One of my clients has requested a dynamic fuel cell power system model, so I investigated both Matlab/Simulink and Scilab/Xcos modelling environments. These packages are able to model complex electrical power and control systems using a graphical block diagram modelling tool. Here is an example of Xcos’ DC DC Boost Converter:
To model the fuel cell power system in Matlab/Simulink requires the addon toolboxes SimPowerSystems and SimScape. This raises the license price to about $12,000 USD plus further yearly license fees (~20%). An advantage of Scilab/Xcos is that the software is free. Simulink/SimPowerSystems has a more extensive library of predefined component or subsystem models than Xcos, yet Xcos has the most important components defined. Simulink/SimPowerSystems has much better documentation, which is typical of commercial software vs open source software. There are some Xcos documentation and tutorials available, covering the most important topics.
I had difficulties getting both packages up and running on my Windows 7 computer as in both cases there were problems in getting external C compilers connected. With Matlab, I was able to go back and forth with their helpful customer support to resolve the issue. With Scilab, I had to do internet searches for forum posts by other users with the similar problems. In both cases I was able to get the packages running with some delay. Matlab has better user support as it is easier to call someone for help, but Scilab has a fair number of users posting problems and solutions, and with a bit of sleuthing, resolving my problem was not too difficult.
Working inside the environments is pretty similar. Simulink/SimPowerSystems has the most capability, yet Xcos is impressively capable, with more and more tools being published by their user community. Perhaps Xcos is roughly 80-90% of the capability of Simulink/SimPowerSystems for my application, and good enough for what I need at this time.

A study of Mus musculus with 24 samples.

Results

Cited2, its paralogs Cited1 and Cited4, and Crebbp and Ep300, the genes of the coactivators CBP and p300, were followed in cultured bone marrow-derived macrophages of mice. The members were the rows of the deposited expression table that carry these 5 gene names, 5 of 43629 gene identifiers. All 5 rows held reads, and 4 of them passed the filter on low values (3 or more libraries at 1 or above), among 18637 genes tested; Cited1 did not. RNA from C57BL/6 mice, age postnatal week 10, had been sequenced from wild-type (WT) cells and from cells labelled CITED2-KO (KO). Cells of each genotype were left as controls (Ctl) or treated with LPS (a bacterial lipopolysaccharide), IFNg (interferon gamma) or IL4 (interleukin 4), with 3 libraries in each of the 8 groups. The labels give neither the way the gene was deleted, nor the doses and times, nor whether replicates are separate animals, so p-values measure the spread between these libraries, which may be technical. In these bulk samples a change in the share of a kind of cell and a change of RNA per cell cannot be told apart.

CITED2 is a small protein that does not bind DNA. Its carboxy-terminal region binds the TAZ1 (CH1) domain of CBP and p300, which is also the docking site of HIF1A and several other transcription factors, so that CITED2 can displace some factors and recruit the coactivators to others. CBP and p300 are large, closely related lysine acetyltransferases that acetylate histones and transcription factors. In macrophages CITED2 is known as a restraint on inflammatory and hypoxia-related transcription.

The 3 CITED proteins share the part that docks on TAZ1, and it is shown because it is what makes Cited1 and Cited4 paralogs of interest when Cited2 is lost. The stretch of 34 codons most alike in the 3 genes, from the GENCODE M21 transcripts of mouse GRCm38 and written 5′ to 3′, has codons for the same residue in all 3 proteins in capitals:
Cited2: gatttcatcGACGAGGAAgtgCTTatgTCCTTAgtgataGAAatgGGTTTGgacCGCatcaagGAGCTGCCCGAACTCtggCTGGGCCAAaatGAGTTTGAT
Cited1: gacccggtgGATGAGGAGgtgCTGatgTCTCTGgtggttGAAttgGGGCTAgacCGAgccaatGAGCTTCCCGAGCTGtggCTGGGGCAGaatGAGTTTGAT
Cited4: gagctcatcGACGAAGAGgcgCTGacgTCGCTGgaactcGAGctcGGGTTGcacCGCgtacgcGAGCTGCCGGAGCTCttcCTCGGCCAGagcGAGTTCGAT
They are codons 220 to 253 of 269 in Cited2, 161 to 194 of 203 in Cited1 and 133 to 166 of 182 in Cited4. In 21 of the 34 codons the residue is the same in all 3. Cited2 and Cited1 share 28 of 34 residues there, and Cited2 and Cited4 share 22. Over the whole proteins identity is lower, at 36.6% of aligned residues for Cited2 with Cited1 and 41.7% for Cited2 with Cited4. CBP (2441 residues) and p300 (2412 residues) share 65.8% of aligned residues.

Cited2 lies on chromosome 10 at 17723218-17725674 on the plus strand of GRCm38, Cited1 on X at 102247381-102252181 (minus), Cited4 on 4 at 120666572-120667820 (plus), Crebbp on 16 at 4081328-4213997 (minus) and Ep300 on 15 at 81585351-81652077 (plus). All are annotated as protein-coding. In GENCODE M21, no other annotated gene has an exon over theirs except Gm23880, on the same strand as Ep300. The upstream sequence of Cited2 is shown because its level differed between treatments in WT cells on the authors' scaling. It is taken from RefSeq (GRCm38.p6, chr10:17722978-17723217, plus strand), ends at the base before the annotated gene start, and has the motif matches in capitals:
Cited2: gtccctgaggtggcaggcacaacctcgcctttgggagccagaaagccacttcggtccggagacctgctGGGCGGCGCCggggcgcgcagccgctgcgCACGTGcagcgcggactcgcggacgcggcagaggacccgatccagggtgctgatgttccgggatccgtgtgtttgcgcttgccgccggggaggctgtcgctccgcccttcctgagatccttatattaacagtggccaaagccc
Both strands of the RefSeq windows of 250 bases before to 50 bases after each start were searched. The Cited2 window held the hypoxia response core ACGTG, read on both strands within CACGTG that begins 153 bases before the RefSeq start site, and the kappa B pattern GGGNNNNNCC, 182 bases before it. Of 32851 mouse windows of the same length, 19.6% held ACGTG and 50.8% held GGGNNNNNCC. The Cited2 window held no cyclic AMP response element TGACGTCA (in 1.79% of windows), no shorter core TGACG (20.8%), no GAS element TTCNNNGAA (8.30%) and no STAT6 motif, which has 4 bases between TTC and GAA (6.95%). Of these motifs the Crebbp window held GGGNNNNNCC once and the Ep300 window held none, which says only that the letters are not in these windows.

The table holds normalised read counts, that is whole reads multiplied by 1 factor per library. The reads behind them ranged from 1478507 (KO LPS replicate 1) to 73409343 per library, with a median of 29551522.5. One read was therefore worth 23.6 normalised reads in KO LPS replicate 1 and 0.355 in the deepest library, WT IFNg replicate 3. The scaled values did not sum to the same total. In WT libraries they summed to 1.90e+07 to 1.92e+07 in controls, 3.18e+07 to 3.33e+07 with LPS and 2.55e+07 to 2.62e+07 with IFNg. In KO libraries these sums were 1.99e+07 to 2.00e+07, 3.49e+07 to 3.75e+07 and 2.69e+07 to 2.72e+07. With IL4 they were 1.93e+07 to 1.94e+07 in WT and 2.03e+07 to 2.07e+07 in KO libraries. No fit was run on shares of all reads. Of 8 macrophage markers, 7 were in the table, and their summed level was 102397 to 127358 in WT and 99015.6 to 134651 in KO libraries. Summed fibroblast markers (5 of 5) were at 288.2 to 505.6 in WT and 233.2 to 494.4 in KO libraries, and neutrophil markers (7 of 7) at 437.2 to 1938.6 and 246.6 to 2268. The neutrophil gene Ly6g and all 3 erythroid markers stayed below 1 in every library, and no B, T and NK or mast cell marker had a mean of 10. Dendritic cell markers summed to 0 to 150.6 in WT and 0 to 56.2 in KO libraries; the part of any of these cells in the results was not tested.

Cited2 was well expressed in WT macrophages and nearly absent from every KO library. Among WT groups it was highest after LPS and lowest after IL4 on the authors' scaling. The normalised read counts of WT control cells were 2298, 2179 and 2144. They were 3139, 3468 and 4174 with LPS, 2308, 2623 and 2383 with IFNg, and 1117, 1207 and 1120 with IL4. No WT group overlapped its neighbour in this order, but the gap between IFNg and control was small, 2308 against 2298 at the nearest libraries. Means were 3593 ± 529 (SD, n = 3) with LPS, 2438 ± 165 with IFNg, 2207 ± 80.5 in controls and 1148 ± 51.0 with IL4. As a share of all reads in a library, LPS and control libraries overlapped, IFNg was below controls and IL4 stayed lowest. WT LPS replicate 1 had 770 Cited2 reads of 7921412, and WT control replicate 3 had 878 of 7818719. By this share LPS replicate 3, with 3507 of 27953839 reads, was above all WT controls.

One further advantage of Xcos is that it is much easier to share models, as it is easy to get access to the modelling environment. With Matlab/Simulink, you really need your other collaborators and clients to have Matlab/Simulink available, and that is an expensive proposition, especially being tied to yearly maintenance fees.
Xcos is steadily improving in capability, documentation, tutorials, and links to other programs. It has come a long way in the last three years. By being free, it is more accessible to a larger community, which will help accelerate its development and usefulness through the network effect. For many practitioners, it is a great choice.
Matlab/Simulink will have some threat from Scilab/Xcos in the lower end of the market, yet I expect it to lead the high-end market as it continues to add capability, modules, applications, and linkages to other programs. For larger institutions, it is a good choice.
Overall I am pleasantly surprised and impressed with Scilab/Xcos, and while it takes a little more time and effort to be productive with it than Matlab/Simulink, for my application, it is worth it.